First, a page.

The civil war in Yemen has received relatively little world and media attention over the past three years. However, the war and power struggle between different sectarian groups has pushed the country into biggest humanitarian crisis in the world today. Saudi Arabia and Iran, which are directly involved in the conflict, are committing worst crimes by supporting militarily the warring groups. There is no denying the fact that Iran has an ambitious plan of expanding its influence in Arab world by helping install the governments of its choice. Iran has done it in Syria earlier where it supported the brute and inhuman regime of Alwi tyrant Bashar al Assad at the expense of around 5 lakh innocent Muslims. Iraq has already turned into its colony. Iran is also reportedly involved in fomenting trouble in Bahreen as well.
By supporting and installing a government of its choice in Yemen, Iran is about to knock the door of Saudi Arabia. Yemen is not just facing the brunt of war within but also the external bomb-drops from Saudi Arabian Air force. Saudi Arabia has also enforced economic blockade of Yemen which has reached to crisis proportions. As senior UN relief officials noted recently, millions of Yemenis may be at risk of starvation and disease. In fact, the Yemen imbroglio has been described as the biggest humanitarian crisis in the world today.
Latest reports say that 50,000 children were at the verge of death due to starvation resulted by Saudi blockade. Pregnant women and young children are particularly at risk as the country’s health infrastructure has all but collapsed since the Saudi-led coalition intervened in Yemen’s civil war in March 2015. The UN says 7 million people are already on the brink of famine; if the blockade is not lifted the number could go up to over 10 million.
Skeletal children are being kept (marginally) alive in especially designated ‘feeding centres’ and families have to choose which of their many starving children to take to the centre. And a cholera epidemic is sweeping through the land while the blockade keeps medicines and supplies from reaching the sick and vulnerable.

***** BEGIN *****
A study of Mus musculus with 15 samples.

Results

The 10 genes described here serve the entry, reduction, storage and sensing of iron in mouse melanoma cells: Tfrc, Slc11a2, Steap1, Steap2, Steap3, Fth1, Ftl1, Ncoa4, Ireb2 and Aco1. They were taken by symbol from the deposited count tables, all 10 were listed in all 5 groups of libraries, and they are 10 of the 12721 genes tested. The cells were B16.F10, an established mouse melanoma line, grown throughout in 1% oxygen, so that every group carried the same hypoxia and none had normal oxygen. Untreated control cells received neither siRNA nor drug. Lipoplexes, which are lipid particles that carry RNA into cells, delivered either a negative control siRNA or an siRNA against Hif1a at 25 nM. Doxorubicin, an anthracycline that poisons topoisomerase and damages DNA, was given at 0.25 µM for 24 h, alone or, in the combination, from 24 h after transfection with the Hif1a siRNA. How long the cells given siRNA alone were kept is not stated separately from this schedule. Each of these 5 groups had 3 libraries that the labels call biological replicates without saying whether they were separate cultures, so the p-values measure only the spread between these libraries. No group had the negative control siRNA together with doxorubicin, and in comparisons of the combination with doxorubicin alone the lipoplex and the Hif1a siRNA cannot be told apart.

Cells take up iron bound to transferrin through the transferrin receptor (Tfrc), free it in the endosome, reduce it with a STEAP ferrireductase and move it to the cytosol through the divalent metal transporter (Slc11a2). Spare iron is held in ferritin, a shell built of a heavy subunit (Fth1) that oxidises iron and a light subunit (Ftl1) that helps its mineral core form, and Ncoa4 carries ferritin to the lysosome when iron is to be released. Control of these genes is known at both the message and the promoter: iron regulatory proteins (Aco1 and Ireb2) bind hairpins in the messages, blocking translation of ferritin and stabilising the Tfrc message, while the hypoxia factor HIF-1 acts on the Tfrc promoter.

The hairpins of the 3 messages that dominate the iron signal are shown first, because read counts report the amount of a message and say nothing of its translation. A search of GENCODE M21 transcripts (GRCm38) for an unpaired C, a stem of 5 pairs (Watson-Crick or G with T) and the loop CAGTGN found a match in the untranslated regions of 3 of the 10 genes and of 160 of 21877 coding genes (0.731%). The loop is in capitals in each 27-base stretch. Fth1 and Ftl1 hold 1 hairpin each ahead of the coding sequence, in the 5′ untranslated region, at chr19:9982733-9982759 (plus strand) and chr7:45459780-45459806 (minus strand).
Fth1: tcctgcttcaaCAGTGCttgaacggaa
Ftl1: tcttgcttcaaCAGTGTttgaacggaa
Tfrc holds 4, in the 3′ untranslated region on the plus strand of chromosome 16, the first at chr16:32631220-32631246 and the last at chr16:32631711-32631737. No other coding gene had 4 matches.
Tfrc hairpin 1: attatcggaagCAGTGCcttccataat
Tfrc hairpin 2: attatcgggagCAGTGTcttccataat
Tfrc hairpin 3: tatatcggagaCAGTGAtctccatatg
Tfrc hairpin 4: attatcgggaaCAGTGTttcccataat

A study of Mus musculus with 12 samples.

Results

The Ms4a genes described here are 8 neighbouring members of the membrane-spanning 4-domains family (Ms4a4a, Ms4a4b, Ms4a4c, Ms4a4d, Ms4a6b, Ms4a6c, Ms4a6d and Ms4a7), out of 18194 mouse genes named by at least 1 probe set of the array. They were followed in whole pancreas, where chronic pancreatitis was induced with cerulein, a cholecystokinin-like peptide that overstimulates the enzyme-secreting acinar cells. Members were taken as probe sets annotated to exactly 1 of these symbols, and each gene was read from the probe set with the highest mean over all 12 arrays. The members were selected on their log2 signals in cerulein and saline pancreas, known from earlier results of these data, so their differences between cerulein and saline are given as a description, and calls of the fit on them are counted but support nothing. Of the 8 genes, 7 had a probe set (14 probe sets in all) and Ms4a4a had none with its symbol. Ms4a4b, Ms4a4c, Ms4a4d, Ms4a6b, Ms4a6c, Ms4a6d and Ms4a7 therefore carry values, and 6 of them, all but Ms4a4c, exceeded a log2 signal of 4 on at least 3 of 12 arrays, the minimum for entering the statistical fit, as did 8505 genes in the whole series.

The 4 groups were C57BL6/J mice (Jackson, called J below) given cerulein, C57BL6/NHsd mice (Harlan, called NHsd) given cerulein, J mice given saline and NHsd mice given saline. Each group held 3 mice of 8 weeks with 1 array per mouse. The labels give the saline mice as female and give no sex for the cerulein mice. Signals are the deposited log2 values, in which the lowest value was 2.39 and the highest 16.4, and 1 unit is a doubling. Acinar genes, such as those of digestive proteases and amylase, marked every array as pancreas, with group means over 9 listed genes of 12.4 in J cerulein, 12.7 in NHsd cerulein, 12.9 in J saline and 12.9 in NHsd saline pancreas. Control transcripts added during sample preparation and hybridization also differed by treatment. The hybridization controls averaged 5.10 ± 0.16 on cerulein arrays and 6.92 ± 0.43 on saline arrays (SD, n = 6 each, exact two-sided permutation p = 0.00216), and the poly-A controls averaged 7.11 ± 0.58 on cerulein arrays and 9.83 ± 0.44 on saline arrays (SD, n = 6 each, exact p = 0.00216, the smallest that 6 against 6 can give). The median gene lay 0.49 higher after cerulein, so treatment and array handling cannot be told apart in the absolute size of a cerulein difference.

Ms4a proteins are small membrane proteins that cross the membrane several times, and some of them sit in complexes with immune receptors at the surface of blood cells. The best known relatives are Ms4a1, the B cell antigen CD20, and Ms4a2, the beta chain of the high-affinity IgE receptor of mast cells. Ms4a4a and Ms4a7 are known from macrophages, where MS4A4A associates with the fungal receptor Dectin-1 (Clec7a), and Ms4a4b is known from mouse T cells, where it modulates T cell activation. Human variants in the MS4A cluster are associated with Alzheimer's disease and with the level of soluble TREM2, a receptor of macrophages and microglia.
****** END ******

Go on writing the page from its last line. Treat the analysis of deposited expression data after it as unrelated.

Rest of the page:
Yemen was considered as the poorest Arab country before the war. It was surviving on external economic aid mainly by Saudi Arabia. But the Iran-backed Houthi rebellion and Saudi ASrab’s retaliation have battered whatever little the country had. The recent missile attack by Houthi rebels on Saudi capital Riyad has led to strengthening of Saudi blocked on shipments of outside aid. The latest reports warn, the cholera epidemic in the country, which had begun to recede, may re-emerge due to the collapsed sewerage system and rampant unsanitary conditions. Nobody can deny Saudi’s right to defend itself but punishing hapless and innocent people is no solution. It would not be wrong to say that the Yemeni war has turned into a stalemate, and the longer it grinds on, the worse the conditions for Yemen’s people will get.
It is a well-known fact that the Yemen imbroglio is a foreign-made. It is, in fact, Iran that instigated and supported (militarily and materially) to Houthi Shias rise against the country’s established government. Saudi Arabia completed the catastrophe by deciding to stop Iranian march. It is in the interests of humanity in general and people of Yemen in general to stop the hostilities in the country. Both Saudi Arab and Iran should immediately withdraw from supporting rival forces, instead work as peace brokers. Considering the expansionist ambitions of Iran and Saudi Arabia, it would appear a distant dream at this point of time but both the countries can agree on ceasefire to allow humanitarian relief to reach to the starving people. United Nations should take a lead in this matter and prevail upon warring groups to cease fire, at least, temporarily to address the human crisis in the country.